Yesterday, Mark Rosekind, head of the National Highway Traffic Safety Administration, advised that the Takata airbag recall numbers “very likely to grow, perhaps by a lot.” So far, the recall impacts over 19M vehicles produced by 11 different companies.
Rosekind said, “The fact that this crisis festered for so long. That some made efforts to obscure its seriousness should sober everyone in this industry.”
Indeed, it should do so. Congress has called upon Takata executives to testify four times in the ongoing crisis. Allegations against the company include slow reaction time when problems became known and fighting NHTSA’s requests for faster recall expansion.
The crisis centers on older Takata airbags, whose inflators could catastrophically explode if exposed to and decayed by higher humidity. These inflator ruptures propel dangerous shrapnel into the vehicle cabin. To date, Takata airbag inflator ruptures have caused 8 U.S. deaths and one, a pregnant woman, in Malaysia. The ruptures are also responsible for over 100 serious injuries.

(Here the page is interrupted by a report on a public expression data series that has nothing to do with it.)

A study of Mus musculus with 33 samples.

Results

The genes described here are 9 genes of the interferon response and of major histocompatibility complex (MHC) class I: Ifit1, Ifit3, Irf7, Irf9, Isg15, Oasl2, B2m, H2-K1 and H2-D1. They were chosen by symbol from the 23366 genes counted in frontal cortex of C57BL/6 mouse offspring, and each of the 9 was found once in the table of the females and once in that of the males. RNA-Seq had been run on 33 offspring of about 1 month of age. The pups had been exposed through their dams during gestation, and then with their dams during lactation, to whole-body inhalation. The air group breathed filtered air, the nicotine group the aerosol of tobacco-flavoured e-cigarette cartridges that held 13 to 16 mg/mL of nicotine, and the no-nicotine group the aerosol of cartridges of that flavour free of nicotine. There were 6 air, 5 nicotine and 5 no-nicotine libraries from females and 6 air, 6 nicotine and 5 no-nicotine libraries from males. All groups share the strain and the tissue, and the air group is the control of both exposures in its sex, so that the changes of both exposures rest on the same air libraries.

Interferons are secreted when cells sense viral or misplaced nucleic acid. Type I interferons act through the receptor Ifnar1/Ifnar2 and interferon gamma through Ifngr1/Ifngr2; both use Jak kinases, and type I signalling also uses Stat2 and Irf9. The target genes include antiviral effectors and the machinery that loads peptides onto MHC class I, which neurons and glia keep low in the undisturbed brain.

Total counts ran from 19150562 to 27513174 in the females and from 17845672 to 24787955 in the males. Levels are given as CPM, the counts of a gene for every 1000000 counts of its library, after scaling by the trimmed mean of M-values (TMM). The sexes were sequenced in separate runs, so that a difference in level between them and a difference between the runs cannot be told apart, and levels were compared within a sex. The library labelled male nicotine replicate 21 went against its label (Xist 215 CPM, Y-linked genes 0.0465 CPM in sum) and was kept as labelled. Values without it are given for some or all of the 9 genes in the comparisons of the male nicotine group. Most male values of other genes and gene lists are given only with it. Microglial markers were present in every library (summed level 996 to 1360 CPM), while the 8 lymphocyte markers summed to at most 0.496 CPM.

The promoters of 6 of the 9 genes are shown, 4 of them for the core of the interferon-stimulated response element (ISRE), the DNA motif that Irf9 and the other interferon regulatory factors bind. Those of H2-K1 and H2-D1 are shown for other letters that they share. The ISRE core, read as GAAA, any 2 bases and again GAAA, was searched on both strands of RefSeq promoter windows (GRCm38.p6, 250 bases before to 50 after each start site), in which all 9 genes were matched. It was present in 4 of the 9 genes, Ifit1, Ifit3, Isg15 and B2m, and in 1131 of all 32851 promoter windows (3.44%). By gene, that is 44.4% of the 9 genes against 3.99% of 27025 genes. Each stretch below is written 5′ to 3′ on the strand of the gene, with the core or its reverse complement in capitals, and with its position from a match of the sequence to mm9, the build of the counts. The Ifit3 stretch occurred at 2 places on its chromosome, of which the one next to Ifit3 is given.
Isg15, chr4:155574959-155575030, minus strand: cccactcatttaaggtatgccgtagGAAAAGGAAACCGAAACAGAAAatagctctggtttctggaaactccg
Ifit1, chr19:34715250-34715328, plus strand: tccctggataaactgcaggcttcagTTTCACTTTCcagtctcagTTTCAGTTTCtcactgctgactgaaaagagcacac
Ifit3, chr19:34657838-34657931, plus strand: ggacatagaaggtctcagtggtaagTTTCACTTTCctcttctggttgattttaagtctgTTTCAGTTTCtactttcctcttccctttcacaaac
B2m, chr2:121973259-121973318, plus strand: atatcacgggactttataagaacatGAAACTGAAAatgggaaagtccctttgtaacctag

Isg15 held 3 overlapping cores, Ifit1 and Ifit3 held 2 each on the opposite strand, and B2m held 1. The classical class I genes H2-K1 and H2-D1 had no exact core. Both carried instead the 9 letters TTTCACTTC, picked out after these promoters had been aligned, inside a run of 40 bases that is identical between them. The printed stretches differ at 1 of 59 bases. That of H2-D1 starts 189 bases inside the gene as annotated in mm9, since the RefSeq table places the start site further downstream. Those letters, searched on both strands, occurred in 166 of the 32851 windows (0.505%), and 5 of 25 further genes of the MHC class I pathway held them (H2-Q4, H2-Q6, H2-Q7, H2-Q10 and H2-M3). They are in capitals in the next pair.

Rosekind is happy with the response from automakers. Ten of the 11 affected manufacturers got together in February 2015 and hired an independent engineering firm to investigate the airbag issue. They also chose David Kelly, former NHTSA Acting Administrator, to oversee the testing.
According to Rosekind, “This is proactive safety. It’s a model of how NHTSA hopes to work with industry in the future, and it’s going to protect the lives and safety of millions.”
Here’s hoping Mr. Rosekind is correct. The Takata crisis is one of the worst in the history of the industry. Preventing another such crisis should be the agency’s top priority.